Using Your Material Requirements to Select a Laser System

There are many ways to approach purchasing a new laser system. One method to consider is starting with the materials you work with and narrowing in your options.

Although laser systems offer broad flexibility in processing materials, there are some questions to consider to make sure your system has the proper configuration to meet your material requirements.

Ask yourself what types of materials will you use. Think about the materials you use now or would like to use in the future. The effects produced by laser energy interacting with a material strongly depend upon the wavelength and power level of the laser and the absorption characteristics of a material.

Then ask, what are the dimensions of the materials? The laser system you select should have a laser processing area that will accommodate the dimensions of your materials, parts, or products. If using raw material, most materials will come in sheets or rolls. Material sheets and rolls in many cases can be cut to a size that fits within a laser system. If you are looking to laser process 3-dimensional objects that are spherical, cylindrical, square, or oddly shaped, this is important to know in order to determine the Z-axis depth or additional components your system will need to accommodate these objects.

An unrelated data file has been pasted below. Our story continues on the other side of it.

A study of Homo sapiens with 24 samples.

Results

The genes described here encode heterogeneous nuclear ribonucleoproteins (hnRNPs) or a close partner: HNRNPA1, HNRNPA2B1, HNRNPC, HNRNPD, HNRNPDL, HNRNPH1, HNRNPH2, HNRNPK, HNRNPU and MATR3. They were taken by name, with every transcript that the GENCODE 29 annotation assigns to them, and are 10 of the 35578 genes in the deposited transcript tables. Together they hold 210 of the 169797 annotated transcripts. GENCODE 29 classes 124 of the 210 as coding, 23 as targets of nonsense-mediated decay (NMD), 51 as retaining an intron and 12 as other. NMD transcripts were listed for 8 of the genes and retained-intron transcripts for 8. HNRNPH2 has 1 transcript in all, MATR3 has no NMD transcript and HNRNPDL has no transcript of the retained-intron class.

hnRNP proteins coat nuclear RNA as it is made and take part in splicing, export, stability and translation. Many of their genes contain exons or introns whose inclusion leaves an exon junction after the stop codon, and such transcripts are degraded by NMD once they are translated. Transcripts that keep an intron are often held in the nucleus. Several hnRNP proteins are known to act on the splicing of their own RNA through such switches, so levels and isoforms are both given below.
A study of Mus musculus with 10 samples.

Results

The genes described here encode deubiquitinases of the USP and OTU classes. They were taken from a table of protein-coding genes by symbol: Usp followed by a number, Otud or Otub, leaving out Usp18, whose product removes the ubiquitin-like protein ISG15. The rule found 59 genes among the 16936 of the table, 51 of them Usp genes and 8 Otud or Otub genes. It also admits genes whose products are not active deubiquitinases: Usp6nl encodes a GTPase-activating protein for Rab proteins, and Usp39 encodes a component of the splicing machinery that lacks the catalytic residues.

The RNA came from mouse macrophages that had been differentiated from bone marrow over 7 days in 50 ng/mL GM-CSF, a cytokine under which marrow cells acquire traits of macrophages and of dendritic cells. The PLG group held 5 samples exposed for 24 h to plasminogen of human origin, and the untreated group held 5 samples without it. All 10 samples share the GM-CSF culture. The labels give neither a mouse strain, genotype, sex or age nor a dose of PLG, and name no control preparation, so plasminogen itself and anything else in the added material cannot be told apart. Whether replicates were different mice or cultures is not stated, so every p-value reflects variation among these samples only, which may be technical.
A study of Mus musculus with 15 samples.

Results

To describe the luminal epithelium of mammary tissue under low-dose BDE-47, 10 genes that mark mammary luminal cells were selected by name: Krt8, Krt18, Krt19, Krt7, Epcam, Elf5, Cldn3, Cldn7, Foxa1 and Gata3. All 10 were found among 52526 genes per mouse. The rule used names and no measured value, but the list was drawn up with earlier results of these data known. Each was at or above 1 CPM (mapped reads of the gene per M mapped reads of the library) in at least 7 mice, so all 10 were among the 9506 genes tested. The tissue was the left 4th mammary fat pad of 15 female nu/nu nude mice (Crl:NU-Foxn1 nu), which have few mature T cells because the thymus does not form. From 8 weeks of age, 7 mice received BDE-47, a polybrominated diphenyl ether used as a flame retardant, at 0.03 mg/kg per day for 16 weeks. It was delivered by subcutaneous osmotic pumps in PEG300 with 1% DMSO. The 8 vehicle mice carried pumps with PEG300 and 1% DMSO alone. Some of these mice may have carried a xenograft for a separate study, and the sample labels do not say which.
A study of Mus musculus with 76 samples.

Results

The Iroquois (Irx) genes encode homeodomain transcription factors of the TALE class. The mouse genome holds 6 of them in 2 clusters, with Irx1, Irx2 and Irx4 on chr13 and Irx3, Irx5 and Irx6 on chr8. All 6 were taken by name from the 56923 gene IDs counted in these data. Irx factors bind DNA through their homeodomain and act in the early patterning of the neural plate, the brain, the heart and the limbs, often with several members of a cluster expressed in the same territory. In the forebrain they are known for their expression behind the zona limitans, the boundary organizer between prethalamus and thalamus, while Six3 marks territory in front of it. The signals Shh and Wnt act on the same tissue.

Finally, which laser processes do you plan to use on each material? Understanding what you want to accomplish with your materials not only determines the power level and wavelength you’ll need, it also helps determine the components you may need to achieve the best result with laser processing (i.e. type of lens), to properly support the material (i.e., cutting table, pin table, rotary fixture), or to minimize surface contamination of dust and debris or byproducts during laser processing (i.e. gas assist, air filtration).

-Manny Oropeza, Universal Laser Systems

Manny Oropeza

Manny Oropeza is a technology specialist and applications engineer for Universal Laser Systems. He has been employed with the company for over seven years, and is a member of the Advanced Materials Processing Center, which offers free application testing, consultation, and support to customers.